Math Success: Not Just IQ – Some kids have the Working Memory Advantage

Many bright students have a difficulty with math that puzzles their parents and teachers.

These students are bright enough and appear to understand the math concepts as they are practiced in class.

But for some reason this information is not recognized the next time the concept is presented.

The problem could be a difficulty with working memory.

We’ll be exploring the many facets of working memory in further posts, but first let’s look at what working memory is and what its role is in our lives.


Working memory gives you the advantage of managing information in your day to day life from birth to old age.

Simply put Working Memory is our ability to work with information. More precisely it is the conscious processing of information while simultaneously keeping us on task and blocking out distracting information

For example, a student in math class needs his working memory to hold on to new instructional information and apply it while screening out distractions such as other students moving in and out of the room, people chatting, the intercom buzzing or managing the  fear that he isn’t going to get it and  keep up in class.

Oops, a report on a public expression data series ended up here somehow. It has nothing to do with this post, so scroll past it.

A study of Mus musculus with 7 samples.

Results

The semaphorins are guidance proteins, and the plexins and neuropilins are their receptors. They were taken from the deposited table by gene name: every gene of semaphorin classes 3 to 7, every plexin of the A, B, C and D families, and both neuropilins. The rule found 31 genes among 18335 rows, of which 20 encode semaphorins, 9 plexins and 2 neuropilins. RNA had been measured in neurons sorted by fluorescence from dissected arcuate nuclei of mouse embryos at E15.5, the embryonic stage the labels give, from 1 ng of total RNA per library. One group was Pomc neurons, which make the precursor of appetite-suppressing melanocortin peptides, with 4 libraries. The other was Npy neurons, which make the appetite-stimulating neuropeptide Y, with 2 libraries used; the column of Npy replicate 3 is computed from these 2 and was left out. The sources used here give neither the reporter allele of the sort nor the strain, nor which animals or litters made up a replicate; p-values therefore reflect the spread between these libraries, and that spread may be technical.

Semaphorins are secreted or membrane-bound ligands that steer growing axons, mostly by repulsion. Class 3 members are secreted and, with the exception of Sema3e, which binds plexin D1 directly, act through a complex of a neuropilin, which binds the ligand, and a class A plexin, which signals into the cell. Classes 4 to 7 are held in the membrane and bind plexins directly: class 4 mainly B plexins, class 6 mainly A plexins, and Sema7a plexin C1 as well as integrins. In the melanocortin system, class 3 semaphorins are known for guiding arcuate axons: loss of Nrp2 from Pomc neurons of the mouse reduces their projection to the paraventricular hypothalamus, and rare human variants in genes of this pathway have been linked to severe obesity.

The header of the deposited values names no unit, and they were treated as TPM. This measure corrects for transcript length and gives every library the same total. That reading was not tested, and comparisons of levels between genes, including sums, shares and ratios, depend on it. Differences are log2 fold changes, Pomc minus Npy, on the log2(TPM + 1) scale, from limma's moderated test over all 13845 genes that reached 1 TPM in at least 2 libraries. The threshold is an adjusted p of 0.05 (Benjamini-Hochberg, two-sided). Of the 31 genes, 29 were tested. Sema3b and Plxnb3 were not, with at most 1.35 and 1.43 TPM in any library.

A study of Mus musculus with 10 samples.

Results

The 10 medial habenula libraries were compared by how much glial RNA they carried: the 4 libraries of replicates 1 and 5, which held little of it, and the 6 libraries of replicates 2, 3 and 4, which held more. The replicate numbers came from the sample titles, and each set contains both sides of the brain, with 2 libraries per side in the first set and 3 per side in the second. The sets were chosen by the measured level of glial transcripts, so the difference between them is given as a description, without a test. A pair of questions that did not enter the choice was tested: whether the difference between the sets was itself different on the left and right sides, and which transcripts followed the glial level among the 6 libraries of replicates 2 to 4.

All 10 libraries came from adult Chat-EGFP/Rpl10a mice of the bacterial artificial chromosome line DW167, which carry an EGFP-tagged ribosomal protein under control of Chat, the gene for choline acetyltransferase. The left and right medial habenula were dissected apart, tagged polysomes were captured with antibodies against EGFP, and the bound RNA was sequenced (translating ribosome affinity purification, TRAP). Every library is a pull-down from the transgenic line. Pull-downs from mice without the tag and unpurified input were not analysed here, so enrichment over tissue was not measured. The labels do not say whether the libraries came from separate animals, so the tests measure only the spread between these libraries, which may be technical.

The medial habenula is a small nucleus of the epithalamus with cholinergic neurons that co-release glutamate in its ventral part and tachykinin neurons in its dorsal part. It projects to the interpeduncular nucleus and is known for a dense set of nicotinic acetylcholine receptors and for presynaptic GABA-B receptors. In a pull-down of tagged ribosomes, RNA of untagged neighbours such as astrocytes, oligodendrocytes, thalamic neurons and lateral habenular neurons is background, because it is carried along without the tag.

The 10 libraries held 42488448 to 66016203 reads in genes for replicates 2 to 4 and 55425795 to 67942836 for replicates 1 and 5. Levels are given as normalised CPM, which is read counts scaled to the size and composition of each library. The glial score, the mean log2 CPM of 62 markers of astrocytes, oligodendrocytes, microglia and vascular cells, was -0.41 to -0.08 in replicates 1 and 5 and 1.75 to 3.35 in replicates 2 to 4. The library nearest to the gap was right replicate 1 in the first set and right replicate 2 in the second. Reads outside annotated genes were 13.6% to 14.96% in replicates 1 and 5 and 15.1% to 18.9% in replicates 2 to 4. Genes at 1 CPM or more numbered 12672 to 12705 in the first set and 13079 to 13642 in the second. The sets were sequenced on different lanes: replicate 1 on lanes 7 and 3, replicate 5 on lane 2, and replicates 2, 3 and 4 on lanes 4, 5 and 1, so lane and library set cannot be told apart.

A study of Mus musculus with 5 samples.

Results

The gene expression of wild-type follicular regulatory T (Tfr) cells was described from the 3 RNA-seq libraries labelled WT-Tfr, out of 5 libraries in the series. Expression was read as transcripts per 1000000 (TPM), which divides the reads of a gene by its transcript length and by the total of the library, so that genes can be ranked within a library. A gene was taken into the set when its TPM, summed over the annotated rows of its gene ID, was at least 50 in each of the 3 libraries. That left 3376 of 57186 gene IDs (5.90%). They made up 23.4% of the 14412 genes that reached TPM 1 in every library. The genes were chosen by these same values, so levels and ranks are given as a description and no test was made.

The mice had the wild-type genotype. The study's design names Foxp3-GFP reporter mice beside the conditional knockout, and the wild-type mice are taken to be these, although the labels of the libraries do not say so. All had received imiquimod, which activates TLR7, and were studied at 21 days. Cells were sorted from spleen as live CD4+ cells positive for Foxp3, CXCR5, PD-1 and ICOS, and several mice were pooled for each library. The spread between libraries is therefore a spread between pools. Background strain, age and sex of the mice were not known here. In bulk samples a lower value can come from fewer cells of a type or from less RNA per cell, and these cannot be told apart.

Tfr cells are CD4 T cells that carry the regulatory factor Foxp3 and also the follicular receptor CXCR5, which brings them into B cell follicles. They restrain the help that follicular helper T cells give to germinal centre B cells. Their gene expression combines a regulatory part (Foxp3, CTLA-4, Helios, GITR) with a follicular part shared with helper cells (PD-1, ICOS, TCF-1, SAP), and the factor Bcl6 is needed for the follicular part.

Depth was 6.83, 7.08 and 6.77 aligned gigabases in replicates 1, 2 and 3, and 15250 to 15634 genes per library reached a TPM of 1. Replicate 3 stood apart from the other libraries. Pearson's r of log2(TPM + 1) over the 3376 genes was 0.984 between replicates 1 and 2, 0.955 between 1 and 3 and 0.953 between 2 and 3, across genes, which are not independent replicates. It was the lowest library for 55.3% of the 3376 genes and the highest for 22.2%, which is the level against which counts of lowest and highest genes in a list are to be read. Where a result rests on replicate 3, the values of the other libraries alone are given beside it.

In summary Working Memory enables us to do the following important tasks:

  • Prioritize information
  • Focus on important stuff
  • Think on your feet
  • Take smarter risks
  • Learn more easily in school
  • Make judgement calls
  • Adapt to new situations
  • Stay motivated to achieve long term goals
  • Stay positive in the midst of dire situations
  • Helps you to do the right thing in social interactions
  • Sift through options while considering others
  • Makes you a better team player

The list is a great reminder of how much we take our working memory for granted when it is working well for us.

We’ll explore these positive aspects of working memory in following articles as well as how working memory is disadvantaged in life, and of course in math.